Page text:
Crunch talks begin as plan to end debt crisis stalls
CRUNCH emergency talks got under way in Frankfurt last night after French President Nicolas Sarkozy said a plan to end the debt crisis had stalled.
Amid signs of growing tension in the negotiations, the French president announced his sudden decision to attend the talks after a brief visit to the Paris maternity clinic where his wife Carla Bruni was due to give birth to their first baby.
German Chancellor Angela Merkel, European Central Bank (ECB) President Jean-Claude Trichet and International Monetary Fund managing director Christine Lagarde were forced to break away from a retirement party for Mr Trichet to attend the crunch negotiations ahead of a summit of European leaders this Sunday.
The leaders' summit has already been delayed by a week to give France and Germany time to hammer out a common plan to end the debt crisis that now threatens to send the world economy into a slowdown.
Incoming ECB President Mario Draghi, European Union President Herman van Rompuy and European Commission President Jose Manuel Barroso also flew in for the talks.
European equities closed flat yesterday, before news of the emergency session emerged. In the US, stocks fell in late trading as talks got under way.
In the bond markets, traders said nerves were frayed. Borrowing costs for almost all euro countries increased yesterday, held in check only by fears of being caught on the wrong side of a rally next week if a deal is done on Sunday.
Irish government bond yields remain above 8pc and the premium the French government has to pay to borrow compared to Germany is close to a 19-year high.
Mr Sarkozy told a group of parliamentarians earlier that the talks had become bogged down over the issue of whether the European Central Bank should support the €440bn European Financial Stability Facility (EFSF), the eurozone rescue fund set up to prevent contagion from the sovereign debt crisis.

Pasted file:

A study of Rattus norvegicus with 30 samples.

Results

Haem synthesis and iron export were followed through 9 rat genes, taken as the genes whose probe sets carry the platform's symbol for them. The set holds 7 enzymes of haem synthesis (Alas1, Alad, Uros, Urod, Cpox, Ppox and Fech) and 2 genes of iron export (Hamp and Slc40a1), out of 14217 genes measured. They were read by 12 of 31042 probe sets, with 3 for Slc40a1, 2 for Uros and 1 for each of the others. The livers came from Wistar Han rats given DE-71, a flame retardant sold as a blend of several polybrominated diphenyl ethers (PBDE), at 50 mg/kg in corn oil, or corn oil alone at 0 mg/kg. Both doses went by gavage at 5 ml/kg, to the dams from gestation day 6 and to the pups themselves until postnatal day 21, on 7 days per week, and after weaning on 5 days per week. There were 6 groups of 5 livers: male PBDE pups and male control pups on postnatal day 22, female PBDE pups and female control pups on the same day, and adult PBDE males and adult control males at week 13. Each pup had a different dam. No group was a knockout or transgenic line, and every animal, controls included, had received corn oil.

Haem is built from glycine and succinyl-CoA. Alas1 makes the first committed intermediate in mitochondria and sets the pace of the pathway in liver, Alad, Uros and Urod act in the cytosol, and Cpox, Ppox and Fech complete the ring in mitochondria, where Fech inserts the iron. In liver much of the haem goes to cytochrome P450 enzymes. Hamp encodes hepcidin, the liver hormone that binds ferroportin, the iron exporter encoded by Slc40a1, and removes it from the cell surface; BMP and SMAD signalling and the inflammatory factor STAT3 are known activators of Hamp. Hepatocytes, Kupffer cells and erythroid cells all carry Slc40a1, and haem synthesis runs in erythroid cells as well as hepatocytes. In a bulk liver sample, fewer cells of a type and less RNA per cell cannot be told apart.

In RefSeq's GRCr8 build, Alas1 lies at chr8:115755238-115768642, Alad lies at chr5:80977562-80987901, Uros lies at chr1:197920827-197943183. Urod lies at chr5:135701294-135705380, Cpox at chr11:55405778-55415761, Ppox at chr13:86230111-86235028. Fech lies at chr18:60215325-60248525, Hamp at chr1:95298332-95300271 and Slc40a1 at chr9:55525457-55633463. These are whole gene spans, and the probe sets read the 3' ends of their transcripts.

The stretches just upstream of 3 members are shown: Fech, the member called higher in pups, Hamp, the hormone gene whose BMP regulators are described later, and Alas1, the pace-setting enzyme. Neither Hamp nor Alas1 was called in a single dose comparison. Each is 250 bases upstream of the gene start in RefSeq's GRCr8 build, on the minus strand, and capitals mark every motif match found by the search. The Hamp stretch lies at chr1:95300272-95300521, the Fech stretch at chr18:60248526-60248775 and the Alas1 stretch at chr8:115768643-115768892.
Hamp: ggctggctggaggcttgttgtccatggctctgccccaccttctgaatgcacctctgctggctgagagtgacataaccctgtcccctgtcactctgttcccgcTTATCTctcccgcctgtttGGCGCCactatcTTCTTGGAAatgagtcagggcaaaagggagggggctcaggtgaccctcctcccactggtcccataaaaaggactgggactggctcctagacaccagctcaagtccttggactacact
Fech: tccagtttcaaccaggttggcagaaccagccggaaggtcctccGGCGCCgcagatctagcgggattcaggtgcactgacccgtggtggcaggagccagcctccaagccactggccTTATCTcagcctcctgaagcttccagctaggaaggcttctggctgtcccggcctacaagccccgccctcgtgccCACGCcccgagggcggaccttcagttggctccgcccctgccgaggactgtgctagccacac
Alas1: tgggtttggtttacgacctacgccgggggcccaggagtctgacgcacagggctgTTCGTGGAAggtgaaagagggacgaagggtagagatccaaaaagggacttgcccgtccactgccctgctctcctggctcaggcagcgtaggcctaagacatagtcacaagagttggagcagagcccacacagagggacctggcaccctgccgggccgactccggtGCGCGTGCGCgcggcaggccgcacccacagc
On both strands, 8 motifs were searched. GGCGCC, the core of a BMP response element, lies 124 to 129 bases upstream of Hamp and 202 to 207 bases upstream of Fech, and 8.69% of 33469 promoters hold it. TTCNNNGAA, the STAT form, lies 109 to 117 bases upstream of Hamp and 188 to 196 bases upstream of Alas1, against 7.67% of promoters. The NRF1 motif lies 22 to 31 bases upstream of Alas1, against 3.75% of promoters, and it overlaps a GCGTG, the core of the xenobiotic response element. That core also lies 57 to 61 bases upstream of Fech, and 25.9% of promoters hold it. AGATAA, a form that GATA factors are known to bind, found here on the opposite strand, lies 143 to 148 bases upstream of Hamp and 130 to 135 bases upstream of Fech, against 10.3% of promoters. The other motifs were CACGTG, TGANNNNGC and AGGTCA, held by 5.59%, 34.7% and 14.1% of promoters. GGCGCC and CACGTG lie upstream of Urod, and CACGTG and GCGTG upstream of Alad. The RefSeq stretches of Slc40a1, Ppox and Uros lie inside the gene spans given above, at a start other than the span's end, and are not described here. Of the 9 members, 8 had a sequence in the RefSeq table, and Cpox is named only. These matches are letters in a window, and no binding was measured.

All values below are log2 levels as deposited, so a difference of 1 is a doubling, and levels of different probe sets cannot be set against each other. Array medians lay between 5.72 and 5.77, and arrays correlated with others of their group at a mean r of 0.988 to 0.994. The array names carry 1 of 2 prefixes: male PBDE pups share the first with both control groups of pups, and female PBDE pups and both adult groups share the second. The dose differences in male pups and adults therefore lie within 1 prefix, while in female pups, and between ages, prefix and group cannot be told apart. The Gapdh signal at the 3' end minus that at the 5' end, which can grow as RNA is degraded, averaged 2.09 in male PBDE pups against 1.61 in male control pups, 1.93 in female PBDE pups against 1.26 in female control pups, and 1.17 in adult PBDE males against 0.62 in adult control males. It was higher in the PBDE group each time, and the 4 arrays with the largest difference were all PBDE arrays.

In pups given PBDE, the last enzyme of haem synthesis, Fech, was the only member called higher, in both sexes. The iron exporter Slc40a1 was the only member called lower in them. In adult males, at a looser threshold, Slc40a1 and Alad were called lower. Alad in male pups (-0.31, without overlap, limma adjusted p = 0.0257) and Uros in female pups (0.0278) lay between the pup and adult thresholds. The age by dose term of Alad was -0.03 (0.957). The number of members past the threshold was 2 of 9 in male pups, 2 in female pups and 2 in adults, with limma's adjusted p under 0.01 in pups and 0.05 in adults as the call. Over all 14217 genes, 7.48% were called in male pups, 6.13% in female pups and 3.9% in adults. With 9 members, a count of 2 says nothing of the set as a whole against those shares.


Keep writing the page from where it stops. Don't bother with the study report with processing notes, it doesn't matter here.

France has argued that the most effective way of leveraging the EFSF is to turn it into a bank which could then access funding from the ECB, but both the central bank and the German government opposed this.
"In Germany, the coalition is divided on this issue. It is not just Angela Merkel who we need to convince," Mr Sarkozy told the parliamentarians at a lunch meeting, according to Charles de Courson, one of the legislators present.
His comments fuelled doubts about whether eurozone leaders would be able to agree a clear and convincing plan when they meet on Sunday. Failure to do so would further undermine the financial markets' already shattered confidence in the currency bloc and its ability to get on top of a two-year-long debt crisis, which threatens the long-term viability of the single currency.
Reports suggested last night that any bank recapitalisation plan will be below €100bn.
One senior EU official, who is involved in coming up with solutions to the crisis, said the only "circuit-breaker" now was for the ECB to make an explicit commitment to go on buying distressed eurozone debt for "as long as it takes", something Mr Trichet has said should not happen.
That position appeared to be seconded by Mr Barroso, who said in Frankfurt: "The decisive intervention of the ECB in secondary bond markets was and still is a critical element in securing financial stability in the euro area."
Uncertainty over the eurozone's future intensified as Moody's issued a double-notch downgrade of Spain's credit rating a day after the agency warned France that its triple-A rating could come under pressure.
In Greece, workers began their biggest strike in years in protest at austerity measures.
Mrs Merkel warned late on Tuesday that leaders would not solve the debt crisis at a single meeting and reiterated that past errors would not be solved in "one stroke".
"If the euro fails, Europe fails but we will not allow that," she said in Frankfurt last night.
The hope remains that Sunday's summit will agree new steps to reduce Greece's debt, strengthen the capital of banks with exposure to troubled eurozone sovereigns and leverage the eurozone's rescue fund to prevent contagion.
"You know the French position and we are sticking to it. We think that clearly the best solution is that the fund has a banking licence with the central bank, but everyone knows about the reticence of the central bank," French Finance Minister Francois Baroin said.
A senior German government source said Berlin remained resolutely opposed to the ECB backstopping the rescue fund.
Eurozone officials say an alternative model, whereby the EFSF could underwrite a portion of newly issued eurozone debt, is also on the table.